Special report: A look at the lives of two FIFO families
WHEN the time comes, they both leave their families on flights bound for isolated outposts.
Two hours after leaving Brisbane, one will arrive in Moranbah, a tiny coal mining township west of the Central Queensland coastline.
The other will cross two state boundaries, flying from Brisbane to Melbourne before driving two-and-a-half hours to Longford in eastern Victoria.
From there, he will be choppered over the Bass Strait to an oil rig where he works as a chef.
Despite claims made to the contrary this week, neither will be staying in accommodation that resembles a concentration camp.
For coalminer Michael - not his real name - the commute is a chore he endures because BHP Billiton Mitsubishi Alliance does not allow local workers at its new Caval Ridge mine.
For Christine Mackay and her husband Danny, it is a lifestyle they embrace - one that gives them the freedom to live where and how they wish.
A HOME AWAY FROM HOME
WHEN BMA began recruiting for its Daunia and Caval Ridge mines, the only option for those locals wanting work was to move.
Only workers from either south-east Queensland or Cairns were considered.
Michael and his family left their regional life for the Sunshine Coast to try their luck.
Michael talks about his new home away from the country as being haunted by vampires - during the day, the neighborhood is deserted but grows active at night.
"I have kids that come from the bush," he said.
"Where we are - people are vampires, we don't see them during the day, only at night.
"I come from an area where we didn't have to lock our doors.
"I could walk outside and scream and no one could hear me.
"It's taking a long, long time to settle down."
He was selected for one of the 900 jobs offered by BMA at the two mines, his resume chosen from a pile of 30,000 applications.
The two mines are the only "100% fly-in, fly-out" mines in Queensland.
He describes Caval Ridge as "the pinnacle of all the mines" - everything is new.
With recruits pulled in from other industries and trained, there is optimism and enthusiasm.
"It would have cost thousands just to get one person through the process," he said.
"They've weeded out all the assholes."
Everyone is on a seven-on, seven-off roster.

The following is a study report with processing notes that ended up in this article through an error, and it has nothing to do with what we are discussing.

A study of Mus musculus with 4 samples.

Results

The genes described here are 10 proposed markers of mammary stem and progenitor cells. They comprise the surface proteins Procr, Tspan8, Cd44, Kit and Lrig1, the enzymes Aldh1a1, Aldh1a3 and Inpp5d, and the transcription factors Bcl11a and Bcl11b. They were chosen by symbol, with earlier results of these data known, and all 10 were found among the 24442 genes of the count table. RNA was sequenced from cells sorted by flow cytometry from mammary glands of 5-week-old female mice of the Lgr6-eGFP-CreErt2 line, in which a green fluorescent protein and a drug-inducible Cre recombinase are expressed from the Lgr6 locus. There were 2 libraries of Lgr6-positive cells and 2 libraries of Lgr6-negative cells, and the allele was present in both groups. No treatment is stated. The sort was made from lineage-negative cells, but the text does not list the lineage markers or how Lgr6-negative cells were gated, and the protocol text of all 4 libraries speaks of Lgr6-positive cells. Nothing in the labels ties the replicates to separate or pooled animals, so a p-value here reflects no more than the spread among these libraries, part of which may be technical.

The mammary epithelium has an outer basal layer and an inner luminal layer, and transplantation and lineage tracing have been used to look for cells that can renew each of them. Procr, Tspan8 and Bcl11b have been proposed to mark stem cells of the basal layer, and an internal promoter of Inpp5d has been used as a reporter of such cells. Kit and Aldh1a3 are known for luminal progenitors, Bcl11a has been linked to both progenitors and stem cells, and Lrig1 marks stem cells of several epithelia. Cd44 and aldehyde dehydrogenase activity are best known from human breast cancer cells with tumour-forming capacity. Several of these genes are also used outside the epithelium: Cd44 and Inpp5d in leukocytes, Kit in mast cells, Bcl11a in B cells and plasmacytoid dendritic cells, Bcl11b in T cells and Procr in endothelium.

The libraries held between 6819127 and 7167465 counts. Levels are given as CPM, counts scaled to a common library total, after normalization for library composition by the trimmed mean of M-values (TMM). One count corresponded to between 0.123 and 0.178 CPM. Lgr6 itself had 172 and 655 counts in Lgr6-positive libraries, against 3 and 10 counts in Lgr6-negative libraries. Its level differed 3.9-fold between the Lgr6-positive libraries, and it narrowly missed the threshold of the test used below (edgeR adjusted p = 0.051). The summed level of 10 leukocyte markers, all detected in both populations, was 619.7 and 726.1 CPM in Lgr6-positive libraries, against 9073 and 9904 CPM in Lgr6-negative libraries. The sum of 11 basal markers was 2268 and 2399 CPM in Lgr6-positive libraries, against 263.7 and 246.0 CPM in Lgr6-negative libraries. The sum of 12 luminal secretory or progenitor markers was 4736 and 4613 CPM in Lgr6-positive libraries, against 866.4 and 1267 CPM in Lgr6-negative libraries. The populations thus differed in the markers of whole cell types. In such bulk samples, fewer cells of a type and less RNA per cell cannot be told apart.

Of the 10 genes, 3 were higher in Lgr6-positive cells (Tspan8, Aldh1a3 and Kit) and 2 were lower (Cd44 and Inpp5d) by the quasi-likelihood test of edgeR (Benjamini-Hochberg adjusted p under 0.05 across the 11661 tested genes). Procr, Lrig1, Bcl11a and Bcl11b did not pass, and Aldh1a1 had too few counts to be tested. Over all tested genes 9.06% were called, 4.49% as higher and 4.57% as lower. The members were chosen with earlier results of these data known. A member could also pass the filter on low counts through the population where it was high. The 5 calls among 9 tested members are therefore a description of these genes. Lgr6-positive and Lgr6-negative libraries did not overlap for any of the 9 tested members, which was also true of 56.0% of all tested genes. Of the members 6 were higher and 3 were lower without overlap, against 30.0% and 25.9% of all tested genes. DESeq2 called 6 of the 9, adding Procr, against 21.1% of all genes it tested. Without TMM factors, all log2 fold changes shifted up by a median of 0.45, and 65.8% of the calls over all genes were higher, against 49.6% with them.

Part of the deal is that they must be on a plane to Moranbah from Brisbane or Cairns to be ready for their shift. When the whistle blows after seven 12-hour days, they must board their designated flight out of town.
There is no room for visiting the nearby coalfield towns of Moranbah, Dysart or Clermont let alone the coastal centres of Mackay or even the Whitsundays to the north.
Their time does not become their own until they arrive back in Brisbane or Cairns.
"It's worse than a boarding school," he said.
"A boarding school you don't get sacked."
For Michael who now lives in south-east Queensland, it can make for a long journey.
If the plane runs on time, he will arrive in Brisbane three hours after finishing work.
If it runs late, he could be preparing to drive 100km at the end of five hours in transit.
"Driving to the Gold Coast or Sunshine Coast - you imagine doing that after a nightshift on a motorway," he said.
"I don't understand why we have to fly in and out from Brisbane."
If he was able to live nearby, maybe it would be different.
Michael knew what he signed on for, that he would have to be spirited back and forth from the middle of Central Queensland, but he still hopes for change.
"It will work better if they don't have 100% FIFO," he said.
"It's knowing you can get home and for the wives to know you can come home.
"We would only like to do it five years, but I don't know if I can last five years."
A PERFECT SUNRISE FOR MACKAY
IN OLD-fashioned terms: Danny Mackay is the family breadwinner, working two weeks on, two off on a lonely oil rig somewhere in the Bass Strait.
His wife Christine though may have the tougher job - while he is away, she is left to wrangle Riley, Cooper and Willow, their three children under six.
As a chef on the rigs, he spends his two week break delivering and collecting the kids from school or kindergarten.
He chips in to help out at kindy if needed and prepares the family dinner.
"We're very lucky to have that when he's at home," Christine said.
It cannot be an easy life.Danny took a casual job on the rigs six years ago when the pair lived in Victoria.
He left home for the rigs just one week after Riley was born.
Time ticked on and Danny's chef job became permanent, then he was promoted to a chef manager role.
Two years after Riley came into the world, the Mackay's welcomed younger brother Cooper, now four.
Willow arrived two years after that. She is now two.
Before having children, Christine and Danny lived at Sunrise Beach on the Sunshine Coast.
Just three weeks ago, they returned.
"We chose the lifestyle for the children," she said.
"We left the lifestyle of the Sunshine Coast to be back in Victoria where we did originally grow up, where we're from.
"We've had two other little ones, they are now a little older, so we decided to follow our dream and move back to the Sunshine Coast in the area we love."
Danny's employer does not pay for his transfers from Sunrise Beach to eastern Victoria, it is an extra cost for the family so they can live where they want.
It may be routine now, but habit does not replace having your husband nearby. Christine is already making contact with others like herself, whether through groups like FIFOfamilies.com.au or simply on Facebook.
"It gets lonely," Christine said.
"If your husband is away at night time, you want someone to call on.
"It comes down to how positive you are about the lifestyle that you live.
"Danny and I have had lots of conversations about why we do choose it. We support each other.
"If the kids are sick, he has the flexibility of coming home.
"We miss him when he's away but we're working towards having him here for good."